An interesting juxtaposition

I don’t want to ruin anyone’s fun–which motive seems to be imputed to me every time I say this–but I don’t care about seeing the new Star Wars movie and I would rather pretend it doesn’t exist. I discussed this with several people on Facebook, and it was interesting that with maybe two exceptions, everyone seemed to think I was saying that I thought the movie would be bad.

Instead, what I was saying is that I do not think this nostalgia that prompts us to relive movies over and over says anything good about our (American/Anglophone) society and its cultural projects. When I want to revisit the Star Wars universe, I watch Star Wars again. (Yes, it will always be “Star Wars” to me and not “A New Hope.” I know, I’m aging myself. It seems an appropriate way to celebrate finding my first grey hairs this month. You damn kids get off my lawn.) Don’t get me wrong. I get nostalgic like anyone else, and I enjoy a bit of escapist action cinema. Man, if I could recapture the sense of empowerment and inspiration I got from watching She-Ra as a kid I would not only magically leverage the hell out of it (something I am trying to figure out how to do), I would bottle and sell it. But I do not feel the need to constantly revisit-but-with-slight-cosmetic-changes-“improvements” the experiences of my youth. I certainly do not feel the need for a J.J. Abrams version of Masters of the Universe. I’m actually a little afraid that by having put that idea out there into the universe it’s going to happen. Please don’t let that happen.

Well, maybe if Wes Anderson had directed the new Star Wars, with Bill Murray as a jaded and cynical Luke Skywalker and Owen Wilson as Chewbacca…I might have gone to see that. But I digress.

My main complaint about the Star Wars prequels–which I refuse to acknowledge in my universe–is not that they were “bad” in so very many ways, but that they betrayed the whole worldview, philosophy, and cosmology of the original movies. I mean, midichlorians? Talk about selling out to scientistic-materialism. I know it’s not the ’70s anymore and the New Age is looking a bit tarnished and beat up, but it was so sad to see something mythic reduced to the merely fictive. So I want nothing to do with any further Star Wars elaborations, and the same goes for Star Trek (the Abrams version of which similarly betrayed/abandoned the mythos of the original–or to paraphrase some dude I don’t know on Facebook, Abrams made a good action movie, but he didn’t make a Star Trek movie), Tarzan, Point Break (not making that up), and all the other remakes, retreads, reboots, sequels, and prequels. I swear every time another Marvel superhero movie comes out an angel commits harakiri. Can we at least agree not to remake a movie until 25 years have passed since the original came out?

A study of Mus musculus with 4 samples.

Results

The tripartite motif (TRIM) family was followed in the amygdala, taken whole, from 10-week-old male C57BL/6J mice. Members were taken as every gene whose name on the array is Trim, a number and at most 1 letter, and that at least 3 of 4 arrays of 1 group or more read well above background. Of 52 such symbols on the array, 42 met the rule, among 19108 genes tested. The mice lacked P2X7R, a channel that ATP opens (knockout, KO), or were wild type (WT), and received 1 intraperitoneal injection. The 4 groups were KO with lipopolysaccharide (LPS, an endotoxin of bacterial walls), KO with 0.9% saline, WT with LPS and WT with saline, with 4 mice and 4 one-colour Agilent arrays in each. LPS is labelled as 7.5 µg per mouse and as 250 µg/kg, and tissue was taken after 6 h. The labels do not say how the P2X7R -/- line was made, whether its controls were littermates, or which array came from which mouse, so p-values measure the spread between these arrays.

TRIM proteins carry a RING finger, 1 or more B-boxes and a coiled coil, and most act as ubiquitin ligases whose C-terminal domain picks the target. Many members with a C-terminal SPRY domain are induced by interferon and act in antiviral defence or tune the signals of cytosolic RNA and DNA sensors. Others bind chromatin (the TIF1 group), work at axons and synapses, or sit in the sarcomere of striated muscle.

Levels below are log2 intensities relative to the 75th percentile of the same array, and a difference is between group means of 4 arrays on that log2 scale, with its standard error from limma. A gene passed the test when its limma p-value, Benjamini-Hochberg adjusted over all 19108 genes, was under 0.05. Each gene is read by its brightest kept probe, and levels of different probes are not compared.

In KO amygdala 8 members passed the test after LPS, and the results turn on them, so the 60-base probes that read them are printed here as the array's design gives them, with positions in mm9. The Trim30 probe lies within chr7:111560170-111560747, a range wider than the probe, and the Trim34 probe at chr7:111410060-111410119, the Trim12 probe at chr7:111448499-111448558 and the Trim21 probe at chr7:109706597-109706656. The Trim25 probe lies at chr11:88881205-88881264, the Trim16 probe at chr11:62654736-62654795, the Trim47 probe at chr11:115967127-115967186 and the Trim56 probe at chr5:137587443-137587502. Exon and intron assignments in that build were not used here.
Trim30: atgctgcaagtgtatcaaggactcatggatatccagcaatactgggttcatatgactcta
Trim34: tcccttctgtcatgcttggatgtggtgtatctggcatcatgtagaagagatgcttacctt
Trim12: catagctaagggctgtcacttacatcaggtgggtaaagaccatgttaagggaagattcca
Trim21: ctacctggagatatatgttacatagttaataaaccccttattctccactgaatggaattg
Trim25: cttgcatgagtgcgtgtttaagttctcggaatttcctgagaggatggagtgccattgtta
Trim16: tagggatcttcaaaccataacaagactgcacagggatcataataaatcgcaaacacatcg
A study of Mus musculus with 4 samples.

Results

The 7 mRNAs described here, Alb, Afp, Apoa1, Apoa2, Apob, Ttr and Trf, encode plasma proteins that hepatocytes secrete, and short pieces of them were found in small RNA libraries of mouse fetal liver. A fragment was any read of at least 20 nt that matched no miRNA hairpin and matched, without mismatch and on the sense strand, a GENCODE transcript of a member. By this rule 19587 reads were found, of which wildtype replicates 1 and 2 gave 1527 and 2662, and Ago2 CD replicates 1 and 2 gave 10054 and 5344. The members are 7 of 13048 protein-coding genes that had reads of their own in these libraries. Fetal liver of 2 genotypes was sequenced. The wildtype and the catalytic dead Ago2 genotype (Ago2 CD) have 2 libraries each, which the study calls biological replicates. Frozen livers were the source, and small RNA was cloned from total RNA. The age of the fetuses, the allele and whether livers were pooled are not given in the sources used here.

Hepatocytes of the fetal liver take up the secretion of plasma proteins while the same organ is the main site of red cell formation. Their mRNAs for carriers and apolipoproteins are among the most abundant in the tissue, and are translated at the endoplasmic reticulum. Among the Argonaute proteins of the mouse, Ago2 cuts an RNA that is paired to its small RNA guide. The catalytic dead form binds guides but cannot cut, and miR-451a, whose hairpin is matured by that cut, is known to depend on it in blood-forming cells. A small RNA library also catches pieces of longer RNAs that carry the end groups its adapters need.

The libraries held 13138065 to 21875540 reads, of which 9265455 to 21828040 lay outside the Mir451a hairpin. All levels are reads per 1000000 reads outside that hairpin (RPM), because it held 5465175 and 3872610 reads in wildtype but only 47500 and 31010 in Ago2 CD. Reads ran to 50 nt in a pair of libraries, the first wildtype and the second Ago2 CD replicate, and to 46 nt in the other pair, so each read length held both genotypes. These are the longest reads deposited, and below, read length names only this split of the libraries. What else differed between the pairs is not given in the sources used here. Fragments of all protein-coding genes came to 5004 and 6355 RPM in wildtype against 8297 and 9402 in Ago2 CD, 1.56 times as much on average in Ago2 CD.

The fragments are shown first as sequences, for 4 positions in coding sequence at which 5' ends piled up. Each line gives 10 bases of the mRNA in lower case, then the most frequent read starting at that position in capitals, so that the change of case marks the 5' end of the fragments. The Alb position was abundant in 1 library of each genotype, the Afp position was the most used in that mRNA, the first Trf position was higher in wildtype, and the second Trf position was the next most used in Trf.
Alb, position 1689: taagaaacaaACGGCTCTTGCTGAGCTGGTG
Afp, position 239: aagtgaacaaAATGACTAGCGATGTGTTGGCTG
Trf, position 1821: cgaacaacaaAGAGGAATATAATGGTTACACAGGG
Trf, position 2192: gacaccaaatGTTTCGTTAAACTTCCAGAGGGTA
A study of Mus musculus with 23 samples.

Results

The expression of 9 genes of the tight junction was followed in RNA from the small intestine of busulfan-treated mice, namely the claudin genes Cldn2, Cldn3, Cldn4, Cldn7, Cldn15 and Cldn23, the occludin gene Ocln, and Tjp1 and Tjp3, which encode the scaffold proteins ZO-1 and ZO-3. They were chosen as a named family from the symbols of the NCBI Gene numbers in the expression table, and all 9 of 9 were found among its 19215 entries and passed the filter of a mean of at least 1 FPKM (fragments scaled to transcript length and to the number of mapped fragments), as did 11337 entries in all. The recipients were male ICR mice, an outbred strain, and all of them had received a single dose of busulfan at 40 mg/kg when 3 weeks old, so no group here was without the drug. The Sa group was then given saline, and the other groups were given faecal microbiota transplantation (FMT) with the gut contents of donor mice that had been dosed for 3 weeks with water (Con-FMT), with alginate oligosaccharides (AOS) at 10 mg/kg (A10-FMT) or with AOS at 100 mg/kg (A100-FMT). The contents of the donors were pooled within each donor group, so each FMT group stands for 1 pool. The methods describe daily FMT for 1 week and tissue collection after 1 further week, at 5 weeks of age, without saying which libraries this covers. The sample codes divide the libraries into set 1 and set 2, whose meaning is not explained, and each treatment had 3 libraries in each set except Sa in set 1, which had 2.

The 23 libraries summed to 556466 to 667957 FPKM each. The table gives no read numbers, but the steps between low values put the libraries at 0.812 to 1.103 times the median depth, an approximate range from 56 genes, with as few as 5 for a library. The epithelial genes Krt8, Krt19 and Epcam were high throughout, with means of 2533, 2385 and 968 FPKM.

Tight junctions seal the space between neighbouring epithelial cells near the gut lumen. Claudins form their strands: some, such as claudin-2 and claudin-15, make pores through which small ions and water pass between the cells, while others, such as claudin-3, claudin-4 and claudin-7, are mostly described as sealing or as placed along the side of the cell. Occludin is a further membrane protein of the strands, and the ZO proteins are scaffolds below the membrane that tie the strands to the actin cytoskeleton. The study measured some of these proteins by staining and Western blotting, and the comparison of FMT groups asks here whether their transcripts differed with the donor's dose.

Setting aside my cantankerousness, I actually am dismayed by the way nostalgia has grown so out of control. I read an interview with Simon Pegg when The World’s End came out which I can’t find anymore, but basically he was complaining that

“…the growing consumerism attached to genre films that has preyed on audiences’ nostalgia for youth. Citing the philosophies of cultural theorist Jean Baudrillard, Pegg explains how society has become infantilized to distract us from the real horrors of the world. ‘There was probably more discussion on Twitter about the “The Force Awakens” and the “Batman vs Superman” trailers,’ Pegg writes, ‘than there was about the Nepalese earthquake or the British general election.'”

It’s ironic, if not maybe just a teensy bit hypocritical, that these words are coming from a guy who starred in both the new Star Treks and the new Star Wars, but I agree with what he’s saying here and for better or worse, the Cornetto Trilogy are among the very few films pointing out the extremes to which nostalgia has been leveraged by marketers and the mindlessness of the general populace in consuming it.

So anyway, that is my bad attitude to the whole thing. I feel a little vindicated that less-than-fawning reviews of the new Star Wars are beginning to appear. That (in part) is why I clicked on this link when a friend posted it on Facebook:

From “A New Hope” to no hope at all: “Star Wars,” Tolkien and the sinister and depressing reality of expanded universes

The next thing I saw in my news feed was this link from Gordon:

Empire of Chaos preparing for more fireworks in 2016

The juxtaposition of the two is interesting. The subtitle of the first article could with equal truth be appended to the second: “When fantasy sagas never end, we see the cycles of brutality and totalitarianism that fuel them don’t, either.”

American exceptionalism and EU/ECB/IMF/NATO’s various politico-economic just-so stories are our fantasy saga. In light of that, read this synopsis of America’s current chapter of the saga:

Give Me Only Good News!

I realize this comes off as awfully pessimistic. I don’t want to make things harder for you this Bickanytide*. As when I first suggested to my Facebook acquaintances that perhaps a new Star Wars doesn’t really warrant pants-wetting levels of enthusiasm, I am only suggesting we widen our perspectives a bit to look at bigger patterns and maybe just maybe have a good think about it. But what am I saying? If you’re reading this, you are already my kind of weirdo. I wish you a happy midwinter and a wond’rous feast of St. Bickany!

*Totally stealing that from Gordon. Too perfect to pass up.